With Help from Apple and Bank of America, VamosVentures Doubles Down on Backing Latinx Founders

Ben Bergman

Ben Bergman is the newsroom's senior finance reporter. Previously he was a senior business reporter and host at KPCC, a senior producer at Gimlet Media, a producer at NPR's Morning Edition, and produced two investigative documentaries for KCET. He has been a frequent on-air contributor to business coverage on NPR and Marketplace and has written for The New York Times and Columbia Journalism Review. Ben was a 2017-2018 Knight-Bagehot Fellow in Economic and Business Journalism at Columbia Business School. In his free time, he enjoys skiing, playing poker, and cheering on The Seattle Seahawks.

With Help from Apple and Bank of America, VamosVentures Doubles Down on Backing Latinx Founders

After closing its first fund in December with $25 million in dry powder, VamosVentures, which bills itself as the first Latinx-owned venture fund to focus on Latinx and other diverse founders, decided it could stretch its ambitions.


Companies like Apple and Bank of America were knocking on the door, and VamosVentures decided it might as well capitalize on the increasing desire of corporate America to show they cared about diversity as well as a loosening of regulations that made it easier for banks to invest in venture funds.

"We had a good group of folks that didn't make the deadline," said Marcos Gonzalez, founder and managing partner of VamosVentures, who has previously been an angel investor and worked in private equity. "A couple new LPs showed up that were really motivated to do something in the DEI [diversity, equity, and inclusion] space and certainly the social justice space."

The fund plans to focus on health and wellness, future of work, consumer packaged goods and financial technology startups.

With the additional checks – which also come from Twitter, the Ford Foundation and the global alternative asset firm TPG, VamosVenture announced this week it has doubled its fund to $50 million. The new investors join PayPal, which signed on last year.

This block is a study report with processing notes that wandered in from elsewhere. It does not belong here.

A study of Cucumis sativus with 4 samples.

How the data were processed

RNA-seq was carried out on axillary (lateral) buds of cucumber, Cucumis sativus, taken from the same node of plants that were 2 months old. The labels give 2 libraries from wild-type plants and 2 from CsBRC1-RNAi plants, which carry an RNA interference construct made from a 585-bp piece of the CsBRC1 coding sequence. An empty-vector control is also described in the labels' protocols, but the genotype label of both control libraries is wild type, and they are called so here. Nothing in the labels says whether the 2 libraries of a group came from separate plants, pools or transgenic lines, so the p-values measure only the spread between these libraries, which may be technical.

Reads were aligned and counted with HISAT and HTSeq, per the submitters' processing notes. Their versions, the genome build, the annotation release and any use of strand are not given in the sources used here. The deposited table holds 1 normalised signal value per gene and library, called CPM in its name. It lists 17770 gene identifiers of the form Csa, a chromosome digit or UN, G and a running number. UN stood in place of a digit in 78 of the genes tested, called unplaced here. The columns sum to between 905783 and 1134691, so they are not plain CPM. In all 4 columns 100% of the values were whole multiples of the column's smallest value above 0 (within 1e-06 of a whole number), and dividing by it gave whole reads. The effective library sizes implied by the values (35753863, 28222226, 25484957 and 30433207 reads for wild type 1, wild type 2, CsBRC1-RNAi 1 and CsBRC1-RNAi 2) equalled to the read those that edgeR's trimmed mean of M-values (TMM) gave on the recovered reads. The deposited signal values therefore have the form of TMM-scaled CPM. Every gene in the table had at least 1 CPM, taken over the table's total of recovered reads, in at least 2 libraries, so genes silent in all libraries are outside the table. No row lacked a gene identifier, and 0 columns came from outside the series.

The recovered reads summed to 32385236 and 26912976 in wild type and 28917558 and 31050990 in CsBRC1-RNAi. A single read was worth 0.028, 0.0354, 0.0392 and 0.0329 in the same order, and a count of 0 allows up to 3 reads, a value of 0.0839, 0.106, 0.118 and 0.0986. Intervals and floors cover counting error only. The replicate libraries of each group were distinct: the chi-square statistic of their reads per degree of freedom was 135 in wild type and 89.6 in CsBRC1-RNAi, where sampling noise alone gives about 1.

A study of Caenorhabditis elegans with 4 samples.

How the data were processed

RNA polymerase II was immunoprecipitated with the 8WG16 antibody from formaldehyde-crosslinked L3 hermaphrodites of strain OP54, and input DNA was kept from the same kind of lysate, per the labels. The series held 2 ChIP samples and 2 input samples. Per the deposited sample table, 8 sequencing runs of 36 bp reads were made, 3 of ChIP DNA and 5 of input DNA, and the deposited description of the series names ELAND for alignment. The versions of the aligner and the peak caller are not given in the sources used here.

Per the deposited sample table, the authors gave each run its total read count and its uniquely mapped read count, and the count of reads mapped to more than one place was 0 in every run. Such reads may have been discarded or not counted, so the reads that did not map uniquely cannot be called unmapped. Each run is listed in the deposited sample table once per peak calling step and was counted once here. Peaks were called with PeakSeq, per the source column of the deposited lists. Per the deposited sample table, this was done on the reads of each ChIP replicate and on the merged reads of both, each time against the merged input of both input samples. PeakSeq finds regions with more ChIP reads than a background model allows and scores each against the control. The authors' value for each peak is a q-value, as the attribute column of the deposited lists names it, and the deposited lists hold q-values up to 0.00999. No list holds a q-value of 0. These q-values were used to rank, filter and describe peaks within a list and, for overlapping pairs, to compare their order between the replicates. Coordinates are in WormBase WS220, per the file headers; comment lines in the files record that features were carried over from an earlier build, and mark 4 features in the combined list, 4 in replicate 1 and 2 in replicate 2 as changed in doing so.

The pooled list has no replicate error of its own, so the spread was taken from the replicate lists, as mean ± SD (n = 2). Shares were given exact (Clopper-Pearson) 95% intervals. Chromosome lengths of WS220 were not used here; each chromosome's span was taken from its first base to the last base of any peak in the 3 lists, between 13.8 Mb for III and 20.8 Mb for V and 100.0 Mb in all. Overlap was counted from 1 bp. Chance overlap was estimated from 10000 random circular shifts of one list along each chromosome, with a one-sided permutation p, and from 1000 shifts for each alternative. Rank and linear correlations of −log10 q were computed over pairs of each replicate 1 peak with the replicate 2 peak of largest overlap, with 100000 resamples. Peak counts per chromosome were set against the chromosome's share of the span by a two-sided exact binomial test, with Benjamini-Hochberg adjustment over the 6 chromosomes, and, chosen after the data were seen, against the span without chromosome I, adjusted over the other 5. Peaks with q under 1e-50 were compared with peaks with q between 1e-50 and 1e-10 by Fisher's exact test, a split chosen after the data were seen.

Rather than back more startups, the additional capital will mostly be used to write bigger checks of between $250,000 and $1 million.

"We will be able to take larger ownership positions," Gonzalez said, adding that he will also be able to hire more staff.

Just 2% of VC investment partners in L.A. identify as African American or Latino, according to PledgeLA. Nationally, a 2018 Deloitte study found 80% of investment partners at U.S. venture firms were white and only 3% were Black and 3% Latino.

Gonzalez said he is pleased to see companies like Apple recognizing the value of diversity and promoting more non-white managers.

"When I started this five years ago, there weren't that many. Now you run into one every week," he said. "There's been a lot more momentum around diversity."


Christian Hetrick

Christian Hetrick is dot.LA's Entertainment Tech Reporter. He was formerly a business reporter for the Philadelphia Inquirer and reported on New Jersey politics for the Observer and the Press of Atlantic City.

Genies Wants To Help Creators Build ‘Avatar Ecosystems’

When avatar startup Genies raised $150 million in April, the company released an unusual message to the public: “Farewell.”

The Marina del Rey-based unicorn, which makes cartoon-like avatars for celebrities and aims to “build an avatar for every single person on Earth,” didn’t go under. Rather, Genies announced it would stay quiet for a while to focus on building avatar-creation products.

Genies representatives told dot.LA that the firm is now seeking more creators to try its creation tools for 3D avatars, digital fashion items and virtual experiences. On Thursday, the startup launched a three-week program called DIY Collective, which will mentor and financially support up-and-coming creatives.


Christian Hetrick

Christian Hetrick is dot.LA's Entertainment Tech Reporter. He was formerly a business reporter for the Philadelphia Inquirer and reported on New Jersey politics for the Observer and the Press of Atlantic City.

Here's What To Expect At LA Tech Week

LA Tech Week—a weeklong showcase of the region’s growing startup ecosystem—is coming this August.

The seven-day series of events, from Aug. 15 through Aug. 21, is a chance for the Los Angeles startup community to network, share insights and pitch themselves to investors. It comes a year after hundreds of people gathered for a similar event that allowed the L.A. tech community—often in the shadow of Silicon Valley—to flex its muscles.

From fireside chats with prominent founders to a panel on aerospace, here are some highlights from the roughly 30 events happening during LA Tech Week, including one hosted by dot.LA.


Samson Amore

Samson Amore is a reporter for dot.LA. He holds a degree in journalism from Emerson College and previously covered technology and entertainment for TheWrap and reported on the SoCal startup scene for the Los Angeles Business Journal. Send tips or pitches to samsonamore@dot.la and find him on Twitter @Samsonamore.

Motional
Image courtesy of Motional

Motional, a self-driving taxi startup backed by Hyundai, will partner with Uber to bring its robotic taxis to cities throughout the United States within the next decade as part of its push to get people more comfortable with the concept of taking a ride in a driverless electric vehicle.